It’s taken a long while for me to gain some traction with speaking and understanding German. I took a short, introductory course our first summer here, and for a few months now, I’ve been taking private German tutoring, once a week. It’s helping me a lot — I haven’t learned a lot of new stuff yet, but even just having a reason and a motivation to practice, as well as a reliable and safe place to ask my random (and sometimes strange) questions, gives me a lot of confidence in what I do know.
My tutor is patient, funny and very kind, and, as a bonus, we often chat a lot about quirks of Austrian culture. It helps me a lot to understand that some communications are challenging because of cultural differences more than because of flaws in my German speaking abilities.
Another thing that I’m learning is where my strengths and weaknesses are: reading comprehension — great; understanding spoken German — not bad; writing — not awful; sentence construction — pretty poor (and I can only speak in present tense); verb conjugation — abysmal (except for “to be” which I do pretty well unless I’m using the informal ‘you” form, the ‘we’ form or the third person plural form . . . which is half of the possibilities, so I’ll stick with “abysmal”). Apparently, my particular skill sets (and missing pieces thereof) aren’t typical — I keep surprising her with what I’m good at and what I’m not. (For example, given a set of conjugated verbs, I can come up with the correct subject instantaneously, but it takes me FOREVER to conjugate verbs when given the subject — go figure.)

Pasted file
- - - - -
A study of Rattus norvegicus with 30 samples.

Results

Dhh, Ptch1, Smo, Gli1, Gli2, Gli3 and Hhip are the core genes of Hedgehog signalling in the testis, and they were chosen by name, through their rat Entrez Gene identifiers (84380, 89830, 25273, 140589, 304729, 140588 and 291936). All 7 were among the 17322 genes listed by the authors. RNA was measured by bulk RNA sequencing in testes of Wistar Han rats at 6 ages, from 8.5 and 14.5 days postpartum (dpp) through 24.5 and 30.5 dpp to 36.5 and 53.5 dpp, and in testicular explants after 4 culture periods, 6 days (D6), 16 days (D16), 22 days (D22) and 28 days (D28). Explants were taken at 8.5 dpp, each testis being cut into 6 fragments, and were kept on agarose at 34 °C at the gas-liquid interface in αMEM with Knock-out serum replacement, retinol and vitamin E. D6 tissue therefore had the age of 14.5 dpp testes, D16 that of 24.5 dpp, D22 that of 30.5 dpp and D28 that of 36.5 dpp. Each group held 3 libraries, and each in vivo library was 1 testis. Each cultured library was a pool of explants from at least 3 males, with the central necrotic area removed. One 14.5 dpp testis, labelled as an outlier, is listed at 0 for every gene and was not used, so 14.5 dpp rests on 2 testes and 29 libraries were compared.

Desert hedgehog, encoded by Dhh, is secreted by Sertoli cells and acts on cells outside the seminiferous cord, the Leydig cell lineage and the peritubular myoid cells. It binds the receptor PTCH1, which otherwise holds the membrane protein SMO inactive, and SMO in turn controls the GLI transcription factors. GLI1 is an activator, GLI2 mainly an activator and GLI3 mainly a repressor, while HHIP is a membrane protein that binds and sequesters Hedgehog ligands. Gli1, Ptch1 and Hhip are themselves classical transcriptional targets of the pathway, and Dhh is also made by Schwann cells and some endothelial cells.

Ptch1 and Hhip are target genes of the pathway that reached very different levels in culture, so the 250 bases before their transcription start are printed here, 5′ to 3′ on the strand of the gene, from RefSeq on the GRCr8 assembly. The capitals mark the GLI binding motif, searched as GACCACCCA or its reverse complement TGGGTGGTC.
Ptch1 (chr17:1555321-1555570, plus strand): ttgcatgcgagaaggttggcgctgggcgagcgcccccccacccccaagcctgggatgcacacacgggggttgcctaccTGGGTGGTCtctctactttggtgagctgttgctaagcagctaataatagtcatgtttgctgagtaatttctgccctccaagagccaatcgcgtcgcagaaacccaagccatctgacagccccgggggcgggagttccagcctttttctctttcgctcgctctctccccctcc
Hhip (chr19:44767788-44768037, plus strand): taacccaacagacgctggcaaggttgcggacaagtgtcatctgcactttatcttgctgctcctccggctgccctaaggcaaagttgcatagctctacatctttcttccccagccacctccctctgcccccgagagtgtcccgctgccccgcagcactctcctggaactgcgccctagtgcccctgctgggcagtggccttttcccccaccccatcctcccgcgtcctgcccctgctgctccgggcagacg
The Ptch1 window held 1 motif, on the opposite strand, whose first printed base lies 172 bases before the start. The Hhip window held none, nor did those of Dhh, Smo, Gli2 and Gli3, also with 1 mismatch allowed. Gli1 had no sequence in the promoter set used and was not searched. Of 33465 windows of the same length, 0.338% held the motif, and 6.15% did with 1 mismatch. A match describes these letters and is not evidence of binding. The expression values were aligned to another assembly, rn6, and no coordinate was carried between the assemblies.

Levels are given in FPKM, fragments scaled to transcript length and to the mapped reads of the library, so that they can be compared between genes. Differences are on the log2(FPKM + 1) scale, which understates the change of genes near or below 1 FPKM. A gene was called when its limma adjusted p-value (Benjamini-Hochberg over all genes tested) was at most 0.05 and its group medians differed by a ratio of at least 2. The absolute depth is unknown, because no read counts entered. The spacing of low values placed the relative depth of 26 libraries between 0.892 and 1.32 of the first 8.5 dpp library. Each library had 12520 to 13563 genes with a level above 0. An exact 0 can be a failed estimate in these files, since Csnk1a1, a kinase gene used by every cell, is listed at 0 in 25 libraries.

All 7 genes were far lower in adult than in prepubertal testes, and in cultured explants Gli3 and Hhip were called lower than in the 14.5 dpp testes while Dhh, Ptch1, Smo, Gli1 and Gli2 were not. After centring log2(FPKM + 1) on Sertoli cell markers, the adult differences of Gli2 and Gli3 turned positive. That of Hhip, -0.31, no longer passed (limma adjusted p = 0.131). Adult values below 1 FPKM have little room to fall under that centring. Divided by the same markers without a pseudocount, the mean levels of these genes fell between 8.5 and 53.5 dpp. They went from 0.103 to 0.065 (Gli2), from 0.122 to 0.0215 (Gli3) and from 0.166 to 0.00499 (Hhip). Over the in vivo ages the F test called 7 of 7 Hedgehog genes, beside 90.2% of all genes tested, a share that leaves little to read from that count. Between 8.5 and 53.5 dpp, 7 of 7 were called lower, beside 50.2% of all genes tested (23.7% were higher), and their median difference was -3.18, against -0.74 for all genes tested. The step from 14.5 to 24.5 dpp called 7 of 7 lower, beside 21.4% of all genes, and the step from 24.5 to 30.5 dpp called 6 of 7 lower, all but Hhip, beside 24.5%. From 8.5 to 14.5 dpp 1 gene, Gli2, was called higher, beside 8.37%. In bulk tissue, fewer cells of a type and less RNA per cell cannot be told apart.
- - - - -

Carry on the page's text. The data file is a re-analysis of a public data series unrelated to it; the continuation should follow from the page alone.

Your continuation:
But that’s ok — I’m making progress. Living in another language is exhausting. I have to use it all the time, even though I’m bad at it. I have to use it at B’s school. I have to use it in the shops. I have to use it on the street. I have to use it when the plumber comes to my house. My few, glorious, non-German interactions (outside of my family) are wonderful and precious to me, and I am so appreciative of the friends and strangers who find pity and patience to spare for an exhausted (and so often confused) expat. It’s so nice to just have a simple (i.e., English) conversation sometimes. And I am so, so grateful for the opportunity to truly express myself, which is not yet possible for me in German.